In my apps, I need to check whether a given file has been opened for writing for another process, and even this file has been opened my app just skip this file and no "die"-like things will happen here.

more detailed description of my problem:

there are two process involved. process A , which is the producer process, process B which is the consumer processw.

process A will create some requests for B to handle and the way he creates request is just create a txt-based file under a certain directory. when A create the request, he dose not know whether B is alive or not, what he needs to do is just drop the request, kind of like write a email to B. after create the request file, A will never visite it again.

prpcess B , is sometime up and sometime down. when it is running, B will "spool" the directory which A drop reqeusts. for each requst file, B just read it hand it and remove it.

but I think there is some race condition there. For example, A just open a file and is on the way of filling up the file with a request and then B want to read the same file and hand it.

my question is how should I hand the race condition gracefully in perl ?

  • We need to know which OS you're running on – Brian Agnew Aug 11 '09 at 9:15
  • Do you want to know if it is currently open, or has been modified recently? – brian d foy Aug 11 '09 at 11:41
  • 2
    Annoying problem to solve on most operating systems. Tell us what you're trying to accomplish and we can probably come up with a better plan. – Schwern Aug 11 '09 at 15:44

Thanks for the update on your problem. Here's how I would do it:

  • Process A opens a temporary file and writes to it. You name the file in such a way that Process B ignores it. You can do that by having it in a temp directory, using a suffix that B doesn't process, or whatever.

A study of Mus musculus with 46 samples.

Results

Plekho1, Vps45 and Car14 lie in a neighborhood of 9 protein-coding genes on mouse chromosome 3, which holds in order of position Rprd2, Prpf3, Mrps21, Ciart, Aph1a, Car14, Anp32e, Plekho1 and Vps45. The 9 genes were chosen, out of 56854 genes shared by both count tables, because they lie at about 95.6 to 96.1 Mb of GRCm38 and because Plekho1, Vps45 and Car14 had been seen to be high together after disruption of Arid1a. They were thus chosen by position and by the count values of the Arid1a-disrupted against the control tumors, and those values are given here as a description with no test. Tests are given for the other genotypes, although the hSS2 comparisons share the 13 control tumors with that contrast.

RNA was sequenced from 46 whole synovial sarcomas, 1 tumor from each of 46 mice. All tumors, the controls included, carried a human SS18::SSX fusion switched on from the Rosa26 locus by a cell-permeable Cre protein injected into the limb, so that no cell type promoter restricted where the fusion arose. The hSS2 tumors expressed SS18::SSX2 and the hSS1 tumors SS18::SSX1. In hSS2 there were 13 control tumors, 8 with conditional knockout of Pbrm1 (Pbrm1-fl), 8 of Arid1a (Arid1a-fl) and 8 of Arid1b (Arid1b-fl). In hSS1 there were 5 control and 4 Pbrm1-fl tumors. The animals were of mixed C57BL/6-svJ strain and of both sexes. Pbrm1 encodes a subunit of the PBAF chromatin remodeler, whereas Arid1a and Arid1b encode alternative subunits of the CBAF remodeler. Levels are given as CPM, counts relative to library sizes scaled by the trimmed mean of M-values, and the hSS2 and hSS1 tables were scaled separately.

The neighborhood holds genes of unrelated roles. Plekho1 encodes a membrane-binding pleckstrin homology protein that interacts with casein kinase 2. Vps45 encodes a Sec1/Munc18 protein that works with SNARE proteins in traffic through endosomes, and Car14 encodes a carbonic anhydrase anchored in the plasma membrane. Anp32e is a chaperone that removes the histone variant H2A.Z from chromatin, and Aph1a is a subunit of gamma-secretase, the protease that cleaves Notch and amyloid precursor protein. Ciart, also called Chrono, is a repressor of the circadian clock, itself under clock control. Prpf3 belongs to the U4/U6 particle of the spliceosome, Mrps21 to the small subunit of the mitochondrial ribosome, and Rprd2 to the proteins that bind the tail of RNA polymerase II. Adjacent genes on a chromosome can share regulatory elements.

• When A is done, it closes the file. The file is now complete, but has the temporary name.
  • A renames the file to its final name, which B recognizes as something it needs to process.
  • B processes the file.

From my previous answer, now explained in the question:

This sounds like a suspicious strategy. Suppose, for instance, that Process A opens File 1 for writing and starts working with it. Process B starts up and considers processing File 1 too. Should it skip it? What if Process A closes the file before Process B can determine if it is open? Should Process B process File 1 again?

It sounds like you have an XY Problem where you are giving us what you think the solution is but not telling us about the problem or task. What are you trying to accomplish or avoid? Something like:

  • The same program has many instances processing many files in parallel for the same purpose
  • Different programs running simultaneously have to process the same files for different purposes, perhaps in sequence
  • The same program might have many instances but only one should update the file (i.e. two people each try to update the same file at the same time).
  • Some other situation

Tell us what you are doing and we might be able to solve your problem instead of merely answering your question. :)

  • a more detailed description of my problem has been added , then It's your guys time to write down your wisdom. – haiyuan zhang Aug 12 '09 at 1:09

You don't say which OS you're running on. If Unix (or a derivative), take a look at lsof. This will tell you (amongst other things) what files are opened, by whom etc.

Man page here. Note the -F option, which outputs in a fashion suitable for other programs to parse.

  • the app will run on linux. I'll check lsof first. thank a lot! – haiyuan zhang Aug 11 '09 at 9:26

Supplementing Brian Agnew's answer: if you would like to use lsof check out Unix::Lsof on CPAN, which provides a perlish interface to the command.


This is the sort of thing that file locks are meant to handle, but you probably don't even need to get that low-level. If both ends of the chain are Perl, you should look at using IPC::DirQueue to manage the queue; it's pretty well tested and flexible.